7-Day Greek Isles from Venice
In Santorini, you’ll marvel at the iconic-whitewashed buildings lining the coast. Explore the Bronze Age ruins at Akrotiri or spend the day tanning on the red sand beaches. Mykonos is known for the non-stop party atmosphere, but it also provides ample opportunities outside the clubs. Immerse yourself in Greek mythology at the archeological sites on Delos or learn about local nautical history at the Aegean Maritime Museum. Start things off in Croatia with a walk along the famous stone walls that line the coast of the city of Dubrovnik. Take a cable car to the summit of Srd, a mountain just outside the city or visit the Rector’s Palace, a 14th-century Gothic-Renaissance museum.
Mykonos is the most chic and sophisticated of all the Greek Islands–instantly recognized by its glittering crescent of white-washed houses lining an azure bay. The beaches here are unspoiled and inviting, especially along Plati Tialos Bay. Miniature churches, lazy windmills, and tiny cafes serving up Greek specialties line the streets. Sample the freshest squid or lobster just snatched from the blue Aegean Sea, or shop for typical flokati rugs.
As you approach the city over the bridge from the Italian mainland, you leave behind terra firma and, with it, earthbound notions of how to see and experience a city. Venice is not solely the spill of churches and palazzi on either side of the Grand Canal, but rather a city of islands, 118 in all, some of which are little more than the weedy, humps you see in the Lagoon of Venice. And yet these mud flats provided haven for the people who fled here (without benefit of a bridge) from Huns, Visigoths, and other marauders in the fifth century. And those refugees gave birth to a culture that ripened into a thousand years of greatness.
As you near the end of the bridge, you see at first only the back side of the city itself. But in the time it takes to walk through the train station, you begin to hear sounds peculiarly Venetian–the low rumble of boat motors, a humid incubation of voices, water lapping insistently against wood and stone. And then Venice confers her greatest gift: No matter how many times you’ve been here, it always seems, in that first glimse, like the first time.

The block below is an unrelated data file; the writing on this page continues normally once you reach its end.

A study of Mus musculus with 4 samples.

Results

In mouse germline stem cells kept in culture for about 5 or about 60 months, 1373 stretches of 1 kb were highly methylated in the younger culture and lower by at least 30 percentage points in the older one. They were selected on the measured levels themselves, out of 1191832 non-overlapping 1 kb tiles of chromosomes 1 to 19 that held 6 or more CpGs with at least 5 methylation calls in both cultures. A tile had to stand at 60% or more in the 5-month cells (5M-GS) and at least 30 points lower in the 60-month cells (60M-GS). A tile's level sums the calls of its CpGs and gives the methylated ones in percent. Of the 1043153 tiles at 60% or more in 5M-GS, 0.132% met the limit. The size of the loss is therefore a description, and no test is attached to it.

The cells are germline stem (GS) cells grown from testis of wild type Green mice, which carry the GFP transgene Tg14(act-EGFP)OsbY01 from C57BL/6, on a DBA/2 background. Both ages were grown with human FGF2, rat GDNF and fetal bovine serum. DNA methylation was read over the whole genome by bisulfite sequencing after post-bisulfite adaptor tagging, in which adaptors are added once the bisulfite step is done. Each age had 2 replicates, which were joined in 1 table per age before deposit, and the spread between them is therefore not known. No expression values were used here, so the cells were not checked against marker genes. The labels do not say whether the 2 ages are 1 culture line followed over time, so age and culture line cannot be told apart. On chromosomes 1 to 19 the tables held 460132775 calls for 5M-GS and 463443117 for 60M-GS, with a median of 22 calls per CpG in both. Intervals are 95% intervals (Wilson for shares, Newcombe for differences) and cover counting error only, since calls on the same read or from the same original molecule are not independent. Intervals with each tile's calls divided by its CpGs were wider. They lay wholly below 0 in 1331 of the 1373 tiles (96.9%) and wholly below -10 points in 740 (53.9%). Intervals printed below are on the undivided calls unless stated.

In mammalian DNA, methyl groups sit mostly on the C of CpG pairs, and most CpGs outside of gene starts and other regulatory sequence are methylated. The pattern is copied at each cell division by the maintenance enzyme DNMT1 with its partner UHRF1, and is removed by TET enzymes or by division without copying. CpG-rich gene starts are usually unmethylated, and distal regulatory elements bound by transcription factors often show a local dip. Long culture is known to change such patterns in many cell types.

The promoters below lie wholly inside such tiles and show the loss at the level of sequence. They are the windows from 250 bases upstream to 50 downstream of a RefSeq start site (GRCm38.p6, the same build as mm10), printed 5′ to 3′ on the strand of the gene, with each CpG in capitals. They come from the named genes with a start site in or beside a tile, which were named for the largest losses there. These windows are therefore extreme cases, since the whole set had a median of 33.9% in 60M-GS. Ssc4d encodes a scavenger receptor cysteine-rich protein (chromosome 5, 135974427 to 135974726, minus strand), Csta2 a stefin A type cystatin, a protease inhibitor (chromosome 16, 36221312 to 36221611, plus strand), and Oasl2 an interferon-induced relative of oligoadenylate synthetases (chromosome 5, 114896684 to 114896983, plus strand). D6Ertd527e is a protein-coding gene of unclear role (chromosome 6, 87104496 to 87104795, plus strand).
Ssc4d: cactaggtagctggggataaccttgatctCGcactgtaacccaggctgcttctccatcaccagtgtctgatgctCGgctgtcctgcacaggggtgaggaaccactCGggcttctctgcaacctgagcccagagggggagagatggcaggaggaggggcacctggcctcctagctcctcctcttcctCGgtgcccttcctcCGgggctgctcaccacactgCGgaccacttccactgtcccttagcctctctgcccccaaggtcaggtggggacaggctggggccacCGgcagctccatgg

If you are smart, you will immediately start a tour down the Grand Canal by hopping on a vaporetto (water bus) or gondola or water taxi. If you are lucky, it will be during those few hours before sunset when the light shines most kindly on the venerable facades that line this liquid boulevard. If you are particularly observant, you might even notice that neither the light nor the colors are quite Italian, not like the tawny earth tones of Florence or Rome.
The canal is a murkey green, the palazzi a mix of faded, grimy sherbets–watermarked mint and sun-blanched apricot and deep overripe peach. Sunlight shatters into spangles on the water, gondolas knife bach and forth, the Rialto Bridge looms overhead, and then, beyond one final curve, the Palladian church of Santa Maria della Salute and the Campanile (bell tower) of San Marco come into view.
Piazza san Marco is Venice’s grand salon–expansive, familiar, picturesque, pigeonesque. It is anchored at its eastern extreme by the Basilica di San Marco, which is not only the spiritual seat of Venice’s patron saint but also one of the most glittering monuments of Christendom.